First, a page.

One thing fashion journalists are seldom called on to do is the sort of investigative probing that was best exempliﬁed by the ﬁctional Cal McCaffrey, as played by John Simm, in State of Play. We investigate, but it all seems mundane in comparison. Could we ever be in the middle of an event where we could feel like McCaffrey? Or perhaps the television detective Bergerac, working on an island?
The FedEx Global Access Fashion Award gave us a chance to come to an event where the company behind the awards kept enough secret to make Saturday a mystery journey of sorts.
Keeping some mystery in the fashion business is nothing new. We come across designers keeping mum on locations at Fashion Week, to surprise us when we are driven there. However, I had not come across one that involved a ferry crossing.
Media were asked to travel to Waiheke Island, along with the ﬁnalists for the awards. A FedEx sign was clearly erected and we were issued our tickets to board the ferry, which turned out to be one of the most enjoyable events in the business.
Sitting with Marc Moore and Steve Dunstan of Stolen Girlfriends’ Club and Huffer, we joked about what might await us at the other end, and those of us in the media who I heard from likened the journey, inter alia, to an ‘Agatha Christie’ novel. Actor Karl Urban was on board the same ferry, and I took the opportunity to say hello to him—we had not seen each other for 24 years, since our school days—and caught up on some recent events. Former game show hostess and registered nurse Jude Dobson was also present on the crossing.
Sadly, Urban was not part of our group, and was heading to Waiheke for another matter. But the journey was mostly uneventful save for a journalist and a photographer who asked to take our photograph.
Reaching Waiheke, we were greeted by a bus driver who, we had to surmise later, was hard of hearing. He had had a few details wrong, not least the spelling of FedEx on his board, but it played into the hands of our inner Cal McCaffreys: it was fairly easy to deduce which was the driver for our group, and this contributed to the mystery the event had built up.
Word has it that this proved too difﬁcult for at least one of the media representatives, who gave up after the ferry crossing, and apparently went home. Maybe some of us have had it too easy.
Held at a modernist home on the Island, Sián-Pearl Going of AP Group, which organized the event, announced that the ﬁve ﬁnalists—Nom D, Huffer, Lonely Hearts, Stolen Girlfriends’ Club and Zambesi—were in the running to win a total prize package of NZ$35,000, which included NZ$10,000 in cash. It was also tied to a 2010 consumer event called Style Series, details of which were promised by Going in January 2010. The designers could, at their option, show at Style Series, scheduled for March.
The prize, by our reckoning, would be the largest given in New Zealand fashion in recent memory, and Denise McCamish, one of FedEx’s managers who handed out Wilson footballs (a reference to the Tom Hanks movie Castaway, where FedEx was very present), was delighted to have been part of the mystery tour with the rest of us. Designers were also encouraged to sign cards with pairs of Crocs for a charity event in Fiji in early December.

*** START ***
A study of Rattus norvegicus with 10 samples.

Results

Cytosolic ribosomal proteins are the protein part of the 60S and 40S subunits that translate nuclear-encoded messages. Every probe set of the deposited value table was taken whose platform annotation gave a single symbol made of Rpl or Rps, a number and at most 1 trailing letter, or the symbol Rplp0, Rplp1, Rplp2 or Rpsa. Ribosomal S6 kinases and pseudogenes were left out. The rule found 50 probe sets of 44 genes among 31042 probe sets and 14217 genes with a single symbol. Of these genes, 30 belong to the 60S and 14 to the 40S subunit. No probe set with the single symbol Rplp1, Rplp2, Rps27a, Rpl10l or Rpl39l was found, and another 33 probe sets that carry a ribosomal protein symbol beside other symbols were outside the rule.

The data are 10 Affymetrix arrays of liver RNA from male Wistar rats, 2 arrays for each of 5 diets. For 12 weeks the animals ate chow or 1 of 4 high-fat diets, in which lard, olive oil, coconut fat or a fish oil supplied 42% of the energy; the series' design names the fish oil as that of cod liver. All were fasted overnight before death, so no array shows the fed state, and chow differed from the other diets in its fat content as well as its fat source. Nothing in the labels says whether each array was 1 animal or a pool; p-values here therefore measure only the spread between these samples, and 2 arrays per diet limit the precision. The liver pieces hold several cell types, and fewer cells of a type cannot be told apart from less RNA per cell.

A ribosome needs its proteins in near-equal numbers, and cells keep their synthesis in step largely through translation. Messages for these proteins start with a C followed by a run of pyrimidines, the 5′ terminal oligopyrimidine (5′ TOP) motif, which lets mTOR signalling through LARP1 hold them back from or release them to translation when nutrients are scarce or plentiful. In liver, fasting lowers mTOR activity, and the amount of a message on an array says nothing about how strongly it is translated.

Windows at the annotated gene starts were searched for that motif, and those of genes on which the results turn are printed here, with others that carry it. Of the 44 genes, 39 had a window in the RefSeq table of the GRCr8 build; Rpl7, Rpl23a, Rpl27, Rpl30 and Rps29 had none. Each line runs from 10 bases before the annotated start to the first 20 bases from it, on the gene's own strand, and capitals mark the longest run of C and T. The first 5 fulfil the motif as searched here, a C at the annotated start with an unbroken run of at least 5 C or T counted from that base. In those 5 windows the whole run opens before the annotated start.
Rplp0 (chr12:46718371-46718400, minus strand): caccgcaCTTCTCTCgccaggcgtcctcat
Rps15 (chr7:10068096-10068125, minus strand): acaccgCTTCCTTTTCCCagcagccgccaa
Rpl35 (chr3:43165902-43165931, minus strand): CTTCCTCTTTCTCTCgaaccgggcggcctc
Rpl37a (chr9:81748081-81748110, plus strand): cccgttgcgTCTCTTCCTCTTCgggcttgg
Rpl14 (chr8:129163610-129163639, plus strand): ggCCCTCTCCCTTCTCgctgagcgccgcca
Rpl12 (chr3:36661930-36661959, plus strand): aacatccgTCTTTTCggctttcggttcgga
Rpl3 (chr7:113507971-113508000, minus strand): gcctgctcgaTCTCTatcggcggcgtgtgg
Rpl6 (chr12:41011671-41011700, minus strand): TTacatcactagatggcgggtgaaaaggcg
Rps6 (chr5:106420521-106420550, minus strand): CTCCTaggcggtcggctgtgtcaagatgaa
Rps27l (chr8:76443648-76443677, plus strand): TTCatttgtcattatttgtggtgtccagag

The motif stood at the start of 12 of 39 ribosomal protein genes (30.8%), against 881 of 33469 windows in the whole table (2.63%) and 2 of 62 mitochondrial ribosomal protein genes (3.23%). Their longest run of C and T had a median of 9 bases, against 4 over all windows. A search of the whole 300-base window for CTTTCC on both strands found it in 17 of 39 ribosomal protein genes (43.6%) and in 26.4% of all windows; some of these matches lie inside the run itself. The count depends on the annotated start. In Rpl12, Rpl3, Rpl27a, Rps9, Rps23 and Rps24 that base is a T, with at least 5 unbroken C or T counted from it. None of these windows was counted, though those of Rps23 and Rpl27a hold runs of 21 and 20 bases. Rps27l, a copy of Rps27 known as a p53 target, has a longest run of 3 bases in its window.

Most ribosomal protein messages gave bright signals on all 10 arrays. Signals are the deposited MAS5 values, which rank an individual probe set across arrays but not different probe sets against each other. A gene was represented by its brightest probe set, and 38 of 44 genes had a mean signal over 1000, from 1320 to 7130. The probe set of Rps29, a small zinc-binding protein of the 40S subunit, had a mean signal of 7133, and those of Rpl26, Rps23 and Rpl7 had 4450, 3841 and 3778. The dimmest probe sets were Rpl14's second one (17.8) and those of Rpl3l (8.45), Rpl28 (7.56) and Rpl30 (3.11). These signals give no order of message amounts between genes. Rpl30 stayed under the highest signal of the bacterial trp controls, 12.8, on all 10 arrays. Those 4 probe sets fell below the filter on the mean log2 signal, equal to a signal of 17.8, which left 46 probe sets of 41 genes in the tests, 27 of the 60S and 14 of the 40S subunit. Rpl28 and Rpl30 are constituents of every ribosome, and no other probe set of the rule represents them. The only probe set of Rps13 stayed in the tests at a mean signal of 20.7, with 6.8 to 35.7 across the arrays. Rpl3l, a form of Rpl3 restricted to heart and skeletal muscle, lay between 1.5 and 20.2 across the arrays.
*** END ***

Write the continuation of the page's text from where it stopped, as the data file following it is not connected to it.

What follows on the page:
Guests were treated to Zumwohl cocktails. Zumwohl stepped in when another alcohol brand failed to honour its commitments to the event, and most agreed that this was in fact a stroke of luck. The Schnaps from Zumwohl ranked above, rather than Below, the other brand’s, in the estimation of the guests who had sampled it.
The drinks, and the rather lavish lunch laid on for us, helped create the sort of intimate atmosphere where we could chat to the designers and to our media colleagues. It was the sort of intimacy that is often missing from events. A home, we had to conclude, was far better than any ofﬁcial venue such as a hotel lobby or hall. Provided the home was suitably ﬂash.
The only hitch, it seemed, were our colleagues who were so keen to take our photograph aboard the ferry. It turns out that they were with a foreign-owned tabloid and had not been invited, and made use of a personal, non-transferable invitation sent to someone at their ofﬁce. But at least they lasted a tad longer than whomever had given up at the Waiheke terminal.
Call us genteel and old-fashioned, but snapping photographs inside someone’s home when you aren’t invited doesn’t rate well in our book, and I seem to remember this is as a no-no in the world of journalism here. The invited colleagues I spoke to agreed.
The mystery solved, the designers enjoyed themselves, especially Nom D’s Margi Robertson and Zambesi’s Elisabeth Findlay: the two sisters welcomed the opportunity to have a reunion. Steve Ferguson and Amy Farlane at Lonely Hearts, well familiar to readers of our print edition, were delighted that Going was wearing one of their designs, while Dunstan and Moore comfortably looked the part of footballers as they posed.
I will be writing a few more details of recent events, such as Style Christchurch and the Massey University end-of-year show (great photos on the way for both of these), and a recent Sunglass Hut do, but believe the rather entertaining events of Saturday to have made a sufﬁciently lengthy entry. More soon.